When it comes to politics, Americans are polarized, and Coloradans are no exception. There might be widespread consensus that they live in the most beautiful state of the 50. They might mostly agree that the 2012 Rockies are a disaster.
About any political issue or candidate, though, some will be passionately for and some will be passionately against, and a few will be passionate in their conviction that politics is a darn poor way to run a country. A few dreamers wonder why we cant get along.
And more than a few people just plain wont care. Shame on them, although perhaps they cant be blamed for failing to puzzle out the best course or to believe that their vote will help. The polarization, and the nastiness and dishonesty it engenders, can discourage the most responsible citizen.
In this era of outlandish political rhetoric calculated not to inform but to inflame and, too often, to mislead, some organizations do seek to provide solid factual information. Two that are particularly helpful to local voters are the League of Women Voters and the Legislative Council of the Colorado General Assembly.
According to its website, the League of Women Voters was organized shortly before the ratification of the 19th Amendment as a mighty political experiment to help women responsibly wield their hard-won right to vote.
It encouraged them to use their new power to participate in shaping public policy. From the beginning, the League has been an activist, grassroots organization whose leaders believed that citizens should play a critical role in advocacy. It was then, and is now, a nonpartisan organization. League founders believed that maintaining a nonpartisan stance would protect the fledgling organization from becoming mired in the party politics of the day.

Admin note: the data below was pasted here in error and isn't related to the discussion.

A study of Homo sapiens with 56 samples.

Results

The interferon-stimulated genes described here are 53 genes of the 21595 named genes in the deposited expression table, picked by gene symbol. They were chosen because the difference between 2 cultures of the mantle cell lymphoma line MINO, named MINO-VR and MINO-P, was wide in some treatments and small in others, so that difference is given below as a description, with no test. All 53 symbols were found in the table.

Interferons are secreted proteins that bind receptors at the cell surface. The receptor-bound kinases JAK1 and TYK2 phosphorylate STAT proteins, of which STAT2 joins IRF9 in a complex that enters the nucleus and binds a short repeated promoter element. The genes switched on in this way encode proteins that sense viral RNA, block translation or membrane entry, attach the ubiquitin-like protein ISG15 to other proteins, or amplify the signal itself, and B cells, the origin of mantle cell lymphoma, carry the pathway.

The League researches issues and publishes analyses. It informs citizens and students about the functions of government and the mechanisms of representative democracy. Locally, it hosts informational meetings and candidate forums.
In short, the League of Women Voters contributes a great deal toward civic education and participation.
The Legislative Council performs many functions for state legislators, including researching the potential ramifications of proposed legislation. For citizens, it publishes the Blue Book, the State Ballot Information Booklet that provides objective information, in calm language, about the pros and cons of ballot issues, provided by proponents and opponents themselves. It also reports the recommendations of the Commissions on Judicial Performance that recommend retention or replacement of county, district and state judges.
At the end of September each election year, the booklets arrive, addressed to All Registered Voters at an address. Many copies are probably discarded, unread. This booklet, however, may be the single most comprehensively informative document most voters will have in their hands, and it is a tremendous service to those who understand the solemn responsibility of casting a ballot.
These two groups, among others, deserve the thanks of local citizens who care about facts and who cherish political civility. Those who read the Blue Book and attend League events are better equipped to see past the fiery rhetoric to the right choices, and they should be grateful for that gift.